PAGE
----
There's little comfort for the republic group in the UK, despite Graham Smith's efforts to claim progress for his cause (there as well as in Australia, therefore he is a welcome writer for the Australian republican publications). In The New Statesman Sunder Katwala wrote on 7th February 2012:
The uncomfortable truth for republicans is that public attitudes to the monarchy have barely shifted.
What is most striking is just how little difference all of that made to public attitudes. There is very limited evidence for the "changing public attitude" which Smith says the media is ignoring. Robert Worcester of pollster MORI has more persuasively identified attitudes to the Monarchy as "the most stable measure of public opinion that exists in this country", remaining remarkably consistent at just under one in five across recent decades.
Support for a republic was 18 per cent in 1969. It was also 18 per cent in 1993, 19 per cent in 2002, 18 per cent again in 2007 and 18 per cent again in 2011. During the turbulent period of 1993-2002, MORI found support for remaining a monarchy remained within the narrow range of 69 per cent to 74 per cent in favour. The Jubilee polls are very likely to find very similar levels of support.
British Future state of the nation polling found a broad appetite for the Jubilee celebrations, with 68 per cent believing that the Jubilee will boost the British national mood, while 7 per cent say it will have a negative impact and 23 per cent say it will make no difference. It is an attitude held by 69 per cent in England and 70 per cent in Wales, and by a majority (55 per cent) in Scotland too.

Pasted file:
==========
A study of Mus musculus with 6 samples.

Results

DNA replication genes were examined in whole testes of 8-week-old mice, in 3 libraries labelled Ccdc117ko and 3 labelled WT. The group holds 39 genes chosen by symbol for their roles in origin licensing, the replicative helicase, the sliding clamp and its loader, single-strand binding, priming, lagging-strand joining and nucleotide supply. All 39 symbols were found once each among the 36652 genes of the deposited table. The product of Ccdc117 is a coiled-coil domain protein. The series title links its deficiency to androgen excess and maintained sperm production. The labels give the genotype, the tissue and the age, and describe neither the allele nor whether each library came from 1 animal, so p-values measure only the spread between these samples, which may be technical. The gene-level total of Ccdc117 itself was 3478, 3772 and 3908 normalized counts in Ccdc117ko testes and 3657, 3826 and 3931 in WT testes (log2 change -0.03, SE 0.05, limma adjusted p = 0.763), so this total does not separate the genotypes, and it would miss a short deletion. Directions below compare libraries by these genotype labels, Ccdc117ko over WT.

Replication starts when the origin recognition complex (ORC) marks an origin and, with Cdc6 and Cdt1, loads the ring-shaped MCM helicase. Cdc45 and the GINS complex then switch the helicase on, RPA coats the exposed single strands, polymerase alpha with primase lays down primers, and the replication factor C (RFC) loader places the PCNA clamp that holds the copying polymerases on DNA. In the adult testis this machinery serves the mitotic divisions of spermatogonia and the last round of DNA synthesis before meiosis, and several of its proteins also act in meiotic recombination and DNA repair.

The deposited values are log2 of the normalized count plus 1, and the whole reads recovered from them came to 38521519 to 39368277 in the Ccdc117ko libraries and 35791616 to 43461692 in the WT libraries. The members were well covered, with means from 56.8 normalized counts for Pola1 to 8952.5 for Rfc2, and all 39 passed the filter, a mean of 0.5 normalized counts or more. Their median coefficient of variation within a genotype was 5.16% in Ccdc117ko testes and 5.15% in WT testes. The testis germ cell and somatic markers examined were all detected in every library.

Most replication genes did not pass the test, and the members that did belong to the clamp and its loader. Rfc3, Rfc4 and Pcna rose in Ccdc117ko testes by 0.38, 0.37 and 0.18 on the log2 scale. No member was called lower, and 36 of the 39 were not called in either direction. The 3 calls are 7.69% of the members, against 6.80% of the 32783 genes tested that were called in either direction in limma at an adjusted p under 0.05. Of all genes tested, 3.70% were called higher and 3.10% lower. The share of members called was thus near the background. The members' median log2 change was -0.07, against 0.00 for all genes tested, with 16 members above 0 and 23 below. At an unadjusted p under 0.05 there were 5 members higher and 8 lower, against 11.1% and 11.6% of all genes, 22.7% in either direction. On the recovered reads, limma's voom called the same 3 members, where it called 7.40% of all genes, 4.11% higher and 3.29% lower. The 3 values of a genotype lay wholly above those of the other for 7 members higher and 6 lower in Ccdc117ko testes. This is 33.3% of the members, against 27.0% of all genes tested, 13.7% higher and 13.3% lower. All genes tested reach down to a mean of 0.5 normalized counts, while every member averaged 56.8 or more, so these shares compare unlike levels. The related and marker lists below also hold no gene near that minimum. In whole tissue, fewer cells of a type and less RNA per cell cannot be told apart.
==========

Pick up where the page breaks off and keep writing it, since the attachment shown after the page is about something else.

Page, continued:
Perhaps, as Graham Smith claims, "any residual affection" will end with the Queen but it sounds like wishful thinking. The end of a reign and the accession of a new Monarch is as likely to be powerful a moment when the Monarchy is as secure as ever.
Republicans make no effort to understand the Monarchist majority
Republicanism remains, of course, an entirely legitimate democratic project, but its advocates must admit that they are a democratic minority, with a sustained democratic majority for a constitutional monarchy, and has made little apparent effort to understand why most people are not persuaded or to respect the views of those who disagree, tending to portray most people as unthinking drones who have been duped by the propaganda. The challenge for republicans is that, while most people understand the arguments for and against, a majority remain unpersuaded that there would be any significant gain, while many would feel a deep sense of loss at the removal of this living link to British history in order to tidy up the constitution and make the country just a little bit more like everywhere else.